Simulations and experiments of intense ion beam current density compression in space and time

Sefkow, A. B.; Davidson, R. C.; Gilson, E. P.; Kaganovich, I. D.; Anders, A.; Coleman, J. E.; Leitner, M.; Lidia, S. M.; Roy, P. K.; Seidl, P. A.; Waldron, W. L.; Yu, S. S.; Welch, D. R.
May 2009
Physics of Plasmas;May2009, Vol. 16 Issue 5, p056701
Academic Journal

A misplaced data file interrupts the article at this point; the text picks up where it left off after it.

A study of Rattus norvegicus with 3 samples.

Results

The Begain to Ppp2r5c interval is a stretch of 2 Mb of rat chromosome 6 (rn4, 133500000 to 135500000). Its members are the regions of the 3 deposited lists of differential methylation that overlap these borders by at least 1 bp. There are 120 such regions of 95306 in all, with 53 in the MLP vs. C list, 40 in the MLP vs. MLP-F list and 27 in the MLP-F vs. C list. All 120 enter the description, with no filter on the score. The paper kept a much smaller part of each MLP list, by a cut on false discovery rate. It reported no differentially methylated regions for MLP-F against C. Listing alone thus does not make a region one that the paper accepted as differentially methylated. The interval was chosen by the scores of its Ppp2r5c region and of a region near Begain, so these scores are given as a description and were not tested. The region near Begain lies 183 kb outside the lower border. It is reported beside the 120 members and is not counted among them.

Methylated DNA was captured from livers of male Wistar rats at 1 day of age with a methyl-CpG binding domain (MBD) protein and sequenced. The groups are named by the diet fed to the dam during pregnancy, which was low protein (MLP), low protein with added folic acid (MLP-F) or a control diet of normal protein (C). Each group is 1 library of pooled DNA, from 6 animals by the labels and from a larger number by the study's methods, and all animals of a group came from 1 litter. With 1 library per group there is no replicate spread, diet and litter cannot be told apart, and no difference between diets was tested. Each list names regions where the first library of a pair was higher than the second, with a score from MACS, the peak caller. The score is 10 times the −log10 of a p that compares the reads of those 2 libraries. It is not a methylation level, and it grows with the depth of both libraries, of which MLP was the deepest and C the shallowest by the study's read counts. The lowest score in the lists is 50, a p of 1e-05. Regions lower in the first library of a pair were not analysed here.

The Heavy Ion Fusion Science Virtual National Laboratory has achieved 60-fold longitudinal pulse compression of ion beams on the Neutralized Drift Compression Experiment (NDCX) [P. K. Roy et al., Phys. Rev. Lett. 95, 234801 (2005)]. To focus a space-charge-dominated charge bunch to sufficiently high intensities for ion-beam-heated warm dense matter and inertial fusion energy studies, simultaneous transverse and longitudinal compression to a coincident focal plane is required. Optimizing the compression under the appropriate constraints can deliver higher intensity per unit length of accelerator to the target, thereby facilitating the creation of more compact and cost-effective ion beam drivers. The experiments utilized a drift region filled with high-density plasma in order to neutralize the space charge and current of an ∼300 keV K+ beam and have separately achieved transverse and longitudinal focusing to a radius <2 mm and pulse duration <5 ns, respectively. Simulation predictions and recent experiments demonstrate that a strong solenoid (Bz<100 kG) placed near the end of the drift region can transversely focus the beam to the longitudinal focal plane. This paper reports on simulation predictions and experimental progress toward realizing simultaneous transverse and longitudinal charge bunch focusing. The proposed NDCX-II facility would capitalize on the insights gained from NDCX simulations and measurements in order to provide a higher-energy (>2 MeV) ion beam user-facility for warm dense matter and inertial fusion energy-relevant target physics experiments.